By Robert Davis

18:00, 7 December 2021

Filmmaker in home office working on movie on computer
Eric Cox becomes Chief Revenue Officer; Crystal Boysen appointed Chief People Officer – Photo: Shutterstock

Vimeo’s stock shot up more than 7% to $19.10 per share on Tuesday as the video platform’s long-term strategy to build a new video services market begins to take shape.

Including Tuesday’s gains, Vimeo’s stock has lost more than 19% of its value over the last four weeks and is down nearly 65% since it went public in May via a spinoff from media company IAC.

Vimeo trades on the Nasdaq under the symbol “VMEO”.

C-suite adds

One reason for the rally is that the New York-based company added two new executives Monday who have deep experience in bringing software as a service (SAAS) products to market.

Vimeo hired Eric Cox, a veteran of Adobe, to be the company’s first-ever Chief Revenue Officer and appointed Crystal Boysen, formerly of Canva, to be its first Chief People Officer, according to a press release.

Anjali Sud, Vimeo’s chief executive, said that the hires represent the company’s goal of becoming “the professional video solution used by every business in the world.”

Competitive market

Both new hires will also be responsible for helping Vimeo scale within a highly competitive market, Sud says, adding that Vimeo is at the very beginning of exploring how video will be adopted across enterprises.

According to a market analysis by Gran View Research, the video as a service market is expected to grow at a compound annual growth rate of 39.7% to a value of more than $32bn (£24bn) by 2028.

Last quarter, the company also expanded its software solution category by launching Vimeo Events, a platform for users to host webinars and meetings, and acquiring enterprise-grade video technology start-ups Wirewax and Wibbitz, according to its earnings report.

Vimeo also grew its global footprint by opening sales offices in Australia and Singapore during the third quarter.

“We still expect Vimeo to sustain growth of mid-to-high 20s% with improving margins to 20%+ over the next 5 years.”
by Youssef Squali, Truist

Attractive economics

Youssef Squali, head of equity research at Truist, said in a recent investor note that he expects the company to grow because it is “leveraging strong video consumption by small-to-medium businesses and enterprises to build a differentiated, decade-long growth compounder with attractive unit economics.”


240.28 Price
Short position overnight fee 0.0040%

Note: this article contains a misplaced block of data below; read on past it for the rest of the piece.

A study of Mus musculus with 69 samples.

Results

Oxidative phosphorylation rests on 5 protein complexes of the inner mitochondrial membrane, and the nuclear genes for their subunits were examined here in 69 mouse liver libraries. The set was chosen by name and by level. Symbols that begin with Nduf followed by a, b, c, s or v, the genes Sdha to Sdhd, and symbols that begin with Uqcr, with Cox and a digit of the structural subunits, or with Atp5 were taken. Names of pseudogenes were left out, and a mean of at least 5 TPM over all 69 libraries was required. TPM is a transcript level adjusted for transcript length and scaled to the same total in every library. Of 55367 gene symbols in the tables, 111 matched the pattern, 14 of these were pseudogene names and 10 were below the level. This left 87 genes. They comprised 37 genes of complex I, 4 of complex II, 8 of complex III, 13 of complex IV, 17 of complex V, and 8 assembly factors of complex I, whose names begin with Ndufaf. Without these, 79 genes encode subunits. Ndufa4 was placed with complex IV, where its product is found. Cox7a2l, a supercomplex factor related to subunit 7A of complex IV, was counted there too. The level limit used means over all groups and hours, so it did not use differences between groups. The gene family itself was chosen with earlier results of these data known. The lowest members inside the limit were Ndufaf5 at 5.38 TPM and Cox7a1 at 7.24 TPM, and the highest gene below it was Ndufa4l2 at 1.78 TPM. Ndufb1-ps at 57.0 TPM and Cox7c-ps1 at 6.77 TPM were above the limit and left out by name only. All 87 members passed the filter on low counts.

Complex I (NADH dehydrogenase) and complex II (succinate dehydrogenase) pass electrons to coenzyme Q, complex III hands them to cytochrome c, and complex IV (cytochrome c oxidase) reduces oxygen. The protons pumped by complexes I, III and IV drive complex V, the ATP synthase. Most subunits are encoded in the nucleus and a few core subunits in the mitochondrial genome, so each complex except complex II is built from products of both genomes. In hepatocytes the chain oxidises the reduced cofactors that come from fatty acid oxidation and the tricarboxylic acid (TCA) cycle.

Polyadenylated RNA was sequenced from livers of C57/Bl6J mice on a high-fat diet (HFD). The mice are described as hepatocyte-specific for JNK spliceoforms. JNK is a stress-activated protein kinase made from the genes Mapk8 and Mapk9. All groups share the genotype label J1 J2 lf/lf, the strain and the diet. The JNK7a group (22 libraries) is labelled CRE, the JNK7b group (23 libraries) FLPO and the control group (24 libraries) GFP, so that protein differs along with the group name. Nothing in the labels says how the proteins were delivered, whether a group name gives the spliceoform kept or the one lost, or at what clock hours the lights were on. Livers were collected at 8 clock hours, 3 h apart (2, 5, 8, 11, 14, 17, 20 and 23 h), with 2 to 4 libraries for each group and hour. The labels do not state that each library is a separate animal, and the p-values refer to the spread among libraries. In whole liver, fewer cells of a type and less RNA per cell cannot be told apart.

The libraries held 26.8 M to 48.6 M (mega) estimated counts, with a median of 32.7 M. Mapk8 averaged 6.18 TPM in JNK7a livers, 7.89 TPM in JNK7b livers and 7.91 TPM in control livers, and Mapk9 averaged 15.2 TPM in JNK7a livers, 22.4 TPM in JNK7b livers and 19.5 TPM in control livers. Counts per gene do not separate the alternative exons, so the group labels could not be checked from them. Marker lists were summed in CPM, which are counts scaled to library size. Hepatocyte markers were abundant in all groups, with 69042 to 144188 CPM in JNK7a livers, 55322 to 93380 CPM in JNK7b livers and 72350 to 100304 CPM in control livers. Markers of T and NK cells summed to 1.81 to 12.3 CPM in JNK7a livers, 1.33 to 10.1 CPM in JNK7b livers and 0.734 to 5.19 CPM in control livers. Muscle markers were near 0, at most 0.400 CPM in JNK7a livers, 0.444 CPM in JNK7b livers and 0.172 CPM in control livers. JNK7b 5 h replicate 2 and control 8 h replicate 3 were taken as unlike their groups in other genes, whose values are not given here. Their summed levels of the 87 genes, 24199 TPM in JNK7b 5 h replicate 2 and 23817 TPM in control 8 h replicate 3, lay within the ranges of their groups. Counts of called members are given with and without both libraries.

Overnight fee time 22:00 (UTC)
-3.160% 1D Chg, %
Long position overnight fee -0.0262%
Short position overnight fee 0.0040%
Overnight fee time 22:00 (UTC)
Spread 0.25

Vimeo makes money by charging its users monthly subscriptions that allow them access to the company’s video creation, editing, and broadcasting tools. Its platform is cross-compatible with other popular outlets such as Facebook, Twitter, YouTube, Adobe and Brightcove.

In the third quarter ended 30 September, Vimeo reported revenue growth of 33% to $100.1m, to mark its first ever $100m quarter. Growth was driven by a 14% increase in subscriptions and 15% boost in annual revenue per user, the company said.

The company booked a net loss of $11.7m, wider than the net loss of $9.8m in the prior year quarter.

Back in November, Squali rated Vimeo as a “buy” with a price target of $36 per share, representing a nearly 50% upside from Tuesday’s per-share price.

Squali reiterated these ratings to in a statement.

Revenue projection problems

John Blackledge, an analyst at Cowen, isn’t as bullish on Vimeo. In a recent investor note, he downgraded the stock to “market perform” as the company’s executives reported that they may miss their revenue projections in the fourth quarter.

The company’s executives said in November that they expect the company’s Q4 earnings to show 25% year-over-year growth compared to their previous projections of 30%.

Meanwhile, the company also expects to report a negative EBITDA against Cowen’s estimates of $7.2m, Blackledge said.

Blackledge also lowered his price target to $30 per share from $50.

You can still benefit if the market moves in your favour, or make a loss if it moves against you. However, with traditional trading you enter a contract to exchange the legal ownership of the individual shares or the commodities for money, and you own this until you sell it again.